Welcome to the URMC OT lymphedema reduction program.  The use of variable compression with short stretch bandages must be done with careful consideration to your body’s response due to risk of injury.  We have developed this program specifically to create successful lymphedema reduction. Success depends on your ability to attend appointments and follow the specific home instructions.

If at any time you feel you cannot follow the instructions, remove all bandages and we will move on to a containment program. We can always try again at a more convenient time when you can participate fully.

Before Starting the Compression Program

These tasks need to be completed before the compression program can start

  1. Schedule your first 2 weeks of appointments, then stay 2 weeks ahead by scheduling every week.  A gap in appointments can cause a loss of gains or failure of the program. 
  2. Obtain all supplies and bring to the first visit. Supplies can be found at a few local medical supplies stores and online.

Stores that usually carry these items:

  • Nu Life: 7300 Pittsford Palmyra Rd, Fairport
    Office hours at 990 South Ave
    (585) 672-5105
  • Fonte's Medical Supply
    1900 South Clinton, Brighton
    (585) 244-4747

Induction/Training Phase

 2 – 3 long OT visits each week for 2 weeks. Therefore the program does not start on a Thursday or Friday.

This includes the initial determination of the wrapping pattern that works for you. We train you or a helper to wrap at home. This is a complex task and usually takes 4 visits for training. Bandages are worn continuously during this period. Showers are not recommended. At the end of the period, the expectation is that you will be independent in the wrapping techniques.  If not, we may continue a clinic based program or stop the program.

CAUTION

If you have any symptoms of increased swelling, lasting change of skin color that is significant, tingling or numbness then you must remove the top bandage immediately.  It is also helpful to then stop doing whatever you are doing and elevate your extremity. Muscle pumping is also helpful.  If the symptoms do not resolve within 20 minutes then remove the next bandage.  If it any time ear pain or symptoms are significant then remove all bandages.  If you do not do not remove the bandages, then reduction does not occur as the body will not decrease lymphedema when there are stressful factors triggering a response.  By removing the bandages, your current status is likely preserved. Leave the bandages on under adverse conditions, and the symptoms are likely to worsen.  During the program, we are gaining knowledge on how your body tolerates compression or doesn’t, then we can make adjustments.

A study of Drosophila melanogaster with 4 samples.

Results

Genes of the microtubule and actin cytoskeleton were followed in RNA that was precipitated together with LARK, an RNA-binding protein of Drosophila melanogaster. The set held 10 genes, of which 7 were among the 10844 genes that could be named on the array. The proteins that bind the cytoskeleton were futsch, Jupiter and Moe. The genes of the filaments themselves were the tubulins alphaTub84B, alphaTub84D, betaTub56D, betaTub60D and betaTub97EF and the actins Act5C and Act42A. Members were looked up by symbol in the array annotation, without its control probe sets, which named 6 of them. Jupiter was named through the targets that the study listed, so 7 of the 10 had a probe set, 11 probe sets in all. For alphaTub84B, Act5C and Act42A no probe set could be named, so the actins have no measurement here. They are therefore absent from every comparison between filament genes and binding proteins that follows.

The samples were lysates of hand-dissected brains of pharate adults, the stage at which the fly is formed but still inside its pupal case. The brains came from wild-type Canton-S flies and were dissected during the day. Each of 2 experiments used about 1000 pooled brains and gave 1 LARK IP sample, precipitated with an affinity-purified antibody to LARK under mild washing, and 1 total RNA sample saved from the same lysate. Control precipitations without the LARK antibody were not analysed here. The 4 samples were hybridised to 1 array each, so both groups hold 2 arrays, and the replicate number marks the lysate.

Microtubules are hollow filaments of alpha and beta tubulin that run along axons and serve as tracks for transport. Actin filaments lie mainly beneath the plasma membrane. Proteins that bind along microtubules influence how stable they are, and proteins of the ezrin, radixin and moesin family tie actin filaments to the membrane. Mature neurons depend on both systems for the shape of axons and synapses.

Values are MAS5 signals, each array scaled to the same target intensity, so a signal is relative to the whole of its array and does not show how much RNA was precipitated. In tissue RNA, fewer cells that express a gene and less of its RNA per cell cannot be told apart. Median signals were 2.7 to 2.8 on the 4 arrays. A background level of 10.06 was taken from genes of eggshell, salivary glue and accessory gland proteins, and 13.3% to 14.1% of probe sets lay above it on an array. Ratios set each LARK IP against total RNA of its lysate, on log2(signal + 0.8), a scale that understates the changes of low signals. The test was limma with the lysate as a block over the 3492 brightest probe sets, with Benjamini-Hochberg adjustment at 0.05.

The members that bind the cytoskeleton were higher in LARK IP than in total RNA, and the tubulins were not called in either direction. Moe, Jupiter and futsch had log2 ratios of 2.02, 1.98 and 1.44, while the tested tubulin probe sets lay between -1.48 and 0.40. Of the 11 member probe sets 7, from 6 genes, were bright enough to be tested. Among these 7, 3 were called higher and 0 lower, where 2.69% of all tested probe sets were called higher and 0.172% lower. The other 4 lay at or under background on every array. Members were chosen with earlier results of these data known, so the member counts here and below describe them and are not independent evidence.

Ongoing Reduction Phase

 This program lasts as long as the size is going down. The average individual tolerates 2 to3 months. Wrapping must continue until the extremity is contained with a long-term garment or gains will very likely be lost.

Clinic Based Program

Following training, if you or your assistant are not able to apply the bandages at home, then an OT clinic based program can be done with 2-3 times per week visits with OT. There is no set timeframe for this phase, although usually people are “done” in one to two months, then continue to wrap until they have wearable containment.

Home Based Program

Once you have demonstrated independent donning of the supplies, then you can do the wrapping at home. The wraps are to be removed each night, washed overnight, and put back on in the morning. A second set may be helpful.

Each time the bandages are put on, there is an opportunity for reduction.

 Re-checks by OT are individually indicated, usually weekly.

** If there is no containment after reduction, then there is NO reason to do reduction, the fluid will come back. This program address the symptoms of lymphedema and does not change the cause.

Exercise

Muscle pumping is recommended. Light activity is usually tolerated.

Vigorous or new cardio exercise is not recommended as this places a greater demand on the lymphatic system. When reduction is indicted, then the system is not managing the current volume so additional demand during attempted reduction can be nonproductive.

Self-lymphatic Stimulation

This is a hands on self-administered technique to assist the lymphatic system to drain fluid and possibly find a new pathway.

Containment Program Lifelong

Compression

Your OT will recommend the appropriate amount of pressure at this time.

Off the shelf or Custom sleeve/glove/stocking – replace every 6 months is the standard.

A glove can be worn without a sleeve, but rarely can a sleeve be worn without a glove with active lymphedema as the pressure differential can lead to hand swelling.

Other Compression Options

Juxtafit/Readywrap: a one piece elastic garments with overlapping piece that built a sleeve. Lasts years

Compression pump- insurance usually may consider some coverage after failure of other options and only in certain diagnoses that are associated with lymphedema

Pumps are only considered when it is determined that the lymphatic system cannot be stimulated to manage without it. Pumps are not recommended as a substitution of other methods. Pumps are typically added to a program of compression garments.

Exercise

Is now highly recommended. Begin adding physical demand in a stepwise fashion. No sudden increases. Monitor for continued containment.

Weight Management

Obesity is the number one modifiable risk factor for primary and exacerbation of secondary lymphedema. Any weight loss is helpful!!!